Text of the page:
Friday, November 15, 2013
The Tragedy of the Korosko by Sir Arthur Conan Doyle
A terrorism thriller in Victorian Egypt
The Korosko is a small steamer traveling up the Nile with a cargo of European and American tourists. It is 1895. Egypt is occupied by the British, but the authority of the Empire only effectively extends to the green, populated strip along the banks of the great river. In the desert beyond roam the unconquered Dervishes, nomadic tribes of north-African Arabs. The travelers, having heard rumors of these savage marauders, have some reservations about venturing too far from the water’s edge, but ultimately they trust that the overarching umbrella of the British Empire will keep them safe and secure. On a scenic outing to the rock of Abousir, their worst fears are realized as they are taken captive by a troop of Dervish warriors. The captors inform the prisoners that they will be taken to Khartoum, where they will either be released for ransom or sold into slavery.
The Tragedy of the Korosko, a novel by Sir Arthur Conan Doyle, was published in 1898. Given that it was written over a century ago, one mustn’t expect a great deal of political correctness, but Conan Doyle’s depiction of the Dervishes is relatively enlightened for its time. Not so surprisingly, he takes a very pro-British view toward Egyptian political affairs, essentially stressing the point that Egypt would be better off with a larger British military presence. But to his credit he does portray the Arab and African characters as human beings rather than mere racial stereotypes. As the villains of the story, most of the Muslim characters are depicted with some degree of religious fanaticism, but no more than what we often see in Hollywood movies, even to this day. On the other hand, Conan Doyle makes some attempt to explain the motivations behind the actions of the Muslims, and even expresses admiration for their history, culture, and devotion to their faith. There is one unfortunate passage where the Dervishes display a foolish degree of gullibility, but thankfully it is a brief incident and not particularly integral to the story as a whole.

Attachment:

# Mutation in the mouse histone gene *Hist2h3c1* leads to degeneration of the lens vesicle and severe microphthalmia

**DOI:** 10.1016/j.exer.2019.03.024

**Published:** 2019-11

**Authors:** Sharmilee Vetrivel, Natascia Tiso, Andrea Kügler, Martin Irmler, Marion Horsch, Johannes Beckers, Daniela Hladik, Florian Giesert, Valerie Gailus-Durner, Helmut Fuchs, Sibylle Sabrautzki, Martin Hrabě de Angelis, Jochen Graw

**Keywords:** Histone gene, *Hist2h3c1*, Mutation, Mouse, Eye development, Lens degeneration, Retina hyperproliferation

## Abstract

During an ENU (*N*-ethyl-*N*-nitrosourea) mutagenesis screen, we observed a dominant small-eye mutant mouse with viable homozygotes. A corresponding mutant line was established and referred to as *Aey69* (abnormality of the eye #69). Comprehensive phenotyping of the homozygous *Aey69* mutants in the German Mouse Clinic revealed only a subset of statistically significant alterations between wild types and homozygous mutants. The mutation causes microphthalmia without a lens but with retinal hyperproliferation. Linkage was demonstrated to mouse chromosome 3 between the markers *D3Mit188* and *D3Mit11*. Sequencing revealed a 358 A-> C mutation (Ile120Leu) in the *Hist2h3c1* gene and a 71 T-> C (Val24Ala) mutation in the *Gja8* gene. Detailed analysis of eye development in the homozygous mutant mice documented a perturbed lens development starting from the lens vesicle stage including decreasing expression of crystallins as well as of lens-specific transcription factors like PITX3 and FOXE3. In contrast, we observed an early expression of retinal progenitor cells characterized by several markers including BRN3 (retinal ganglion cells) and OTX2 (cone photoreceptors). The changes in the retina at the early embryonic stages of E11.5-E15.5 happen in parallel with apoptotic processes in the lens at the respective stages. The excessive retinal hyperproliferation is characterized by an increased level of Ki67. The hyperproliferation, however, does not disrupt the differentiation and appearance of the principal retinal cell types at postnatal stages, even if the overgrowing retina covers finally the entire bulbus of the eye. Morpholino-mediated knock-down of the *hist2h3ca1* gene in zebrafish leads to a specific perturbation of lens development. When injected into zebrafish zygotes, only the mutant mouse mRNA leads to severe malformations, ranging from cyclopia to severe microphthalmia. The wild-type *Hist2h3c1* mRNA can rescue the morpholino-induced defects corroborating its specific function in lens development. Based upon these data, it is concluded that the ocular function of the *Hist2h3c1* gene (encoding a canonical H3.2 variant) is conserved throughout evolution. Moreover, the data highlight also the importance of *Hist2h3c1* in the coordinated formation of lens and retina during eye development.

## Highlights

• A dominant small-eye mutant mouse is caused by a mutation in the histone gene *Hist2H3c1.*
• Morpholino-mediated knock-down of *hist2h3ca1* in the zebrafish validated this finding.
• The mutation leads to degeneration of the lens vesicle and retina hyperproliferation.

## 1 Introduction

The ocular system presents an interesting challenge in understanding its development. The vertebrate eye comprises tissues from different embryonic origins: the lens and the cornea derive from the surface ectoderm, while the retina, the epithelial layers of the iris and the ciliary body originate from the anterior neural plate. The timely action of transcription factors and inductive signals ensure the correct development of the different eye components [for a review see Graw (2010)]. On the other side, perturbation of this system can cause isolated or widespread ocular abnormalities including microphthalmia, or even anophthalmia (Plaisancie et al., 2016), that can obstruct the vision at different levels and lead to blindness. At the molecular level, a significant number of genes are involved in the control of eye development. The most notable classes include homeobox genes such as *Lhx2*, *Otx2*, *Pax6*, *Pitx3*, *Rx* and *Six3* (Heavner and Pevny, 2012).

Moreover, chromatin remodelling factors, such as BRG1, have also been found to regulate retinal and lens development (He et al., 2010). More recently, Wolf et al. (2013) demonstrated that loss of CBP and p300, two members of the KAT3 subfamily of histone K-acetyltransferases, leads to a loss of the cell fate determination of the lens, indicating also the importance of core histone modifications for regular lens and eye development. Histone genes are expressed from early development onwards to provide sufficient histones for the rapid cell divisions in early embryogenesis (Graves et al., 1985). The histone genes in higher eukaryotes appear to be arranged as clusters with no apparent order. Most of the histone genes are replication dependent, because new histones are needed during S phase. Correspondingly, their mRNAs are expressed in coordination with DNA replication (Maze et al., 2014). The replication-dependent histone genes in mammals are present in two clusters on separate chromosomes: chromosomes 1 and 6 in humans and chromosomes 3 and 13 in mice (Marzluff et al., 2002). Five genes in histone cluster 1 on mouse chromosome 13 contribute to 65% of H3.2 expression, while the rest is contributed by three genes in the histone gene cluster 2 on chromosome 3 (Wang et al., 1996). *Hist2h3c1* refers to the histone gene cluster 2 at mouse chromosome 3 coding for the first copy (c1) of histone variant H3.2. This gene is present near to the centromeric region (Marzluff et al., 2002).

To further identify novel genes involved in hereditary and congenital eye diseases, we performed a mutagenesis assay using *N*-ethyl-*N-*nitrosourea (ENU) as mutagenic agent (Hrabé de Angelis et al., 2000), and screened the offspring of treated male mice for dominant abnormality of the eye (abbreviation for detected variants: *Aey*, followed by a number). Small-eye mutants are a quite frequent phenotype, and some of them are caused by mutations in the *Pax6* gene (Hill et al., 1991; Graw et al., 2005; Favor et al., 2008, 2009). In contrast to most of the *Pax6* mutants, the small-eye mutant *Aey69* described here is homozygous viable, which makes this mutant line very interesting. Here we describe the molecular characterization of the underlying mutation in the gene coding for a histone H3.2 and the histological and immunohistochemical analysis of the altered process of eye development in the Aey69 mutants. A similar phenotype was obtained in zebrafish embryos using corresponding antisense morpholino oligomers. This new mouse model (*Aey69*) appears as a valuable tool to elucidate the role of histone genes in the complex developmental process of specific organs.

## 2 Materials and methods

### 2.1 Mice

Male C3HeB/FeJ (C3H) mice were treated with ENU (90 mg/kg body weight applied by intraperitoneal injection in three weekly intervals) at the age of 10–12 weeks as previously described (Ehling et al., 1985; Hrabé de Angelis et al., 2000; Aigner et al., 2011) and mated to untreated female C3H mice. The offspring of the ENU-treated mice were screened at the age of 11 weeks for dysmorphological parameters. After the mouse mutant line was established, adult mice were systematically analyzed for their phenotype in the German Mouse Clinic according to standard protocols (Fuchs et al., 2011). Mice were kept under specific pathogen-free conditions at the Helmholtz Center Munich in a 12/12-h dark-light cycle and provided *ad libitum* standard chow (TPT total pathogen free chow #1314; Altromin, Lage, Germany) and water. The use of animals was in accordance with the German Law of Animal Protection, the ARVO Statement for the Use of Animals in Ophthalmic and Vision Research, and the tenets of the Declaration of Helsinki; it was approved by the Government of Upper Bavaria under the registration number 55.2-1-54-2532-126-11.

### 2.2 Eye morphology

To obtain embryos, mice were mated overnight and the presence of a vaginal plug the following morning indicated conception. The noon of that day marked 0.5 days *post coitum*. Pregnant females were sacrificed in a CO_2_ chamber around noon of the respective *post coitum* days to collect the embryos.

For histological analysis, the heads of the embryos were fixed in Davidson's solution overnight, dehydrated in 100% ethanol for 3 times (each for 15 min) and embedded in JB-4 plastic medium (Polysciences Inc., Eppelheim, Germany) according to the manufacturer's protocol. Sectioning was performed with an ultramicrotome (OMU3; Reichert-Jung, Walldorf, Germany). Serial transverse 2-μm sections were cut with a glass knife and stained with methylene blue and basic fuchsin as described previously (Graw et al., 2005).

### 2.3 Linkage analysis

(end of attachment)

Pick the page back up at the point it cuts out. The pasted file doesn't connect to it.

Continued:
The ordeal of the Korosko’s passengers has all the excitement and suspense of a modern Hollywood action drama, yet the tone of the narrative is mostly realistic, in the sense that the characters behave in a realistic manner, albeit conforming to 19th-century mores and codes of conduct. Conan Doyle gives us moments of heroism, but doesn’t stoop to sensationalistic superheroics. Given the culture clash between the captors and captives, there naturally develops an opposition between Christianity and Islam. This sets up a test of faith for the prisoners. For that reason, I imagine the book would be especially appealing to readers of a Christian persuasion for its inspirational content. As one would expect from the rational, scientific mind of Conan Doyle, however, he’s not extremely preachy about it, and readers more secularly inclined can certainly enjoy the tale solely on its merits as a thriller.
The Tragedy of the Korosko is essentially a Victorian tale of Islamic terrorism. As in any story of terrorism, there is a temptation to depict one ethnic or religious group as the good guys and the opposing side as the bad guys, but Conan Doyle does a fair job of resisting this temptation and manages to paint a few shades of gray between the black and white. Today’s readers should approach this novel as an adventure story and appreciate it as such. Fans of Conan Doyle or other classic writers of the late 19th- and early 20th- centuries will enjoy this exciting and suspenseful thriller.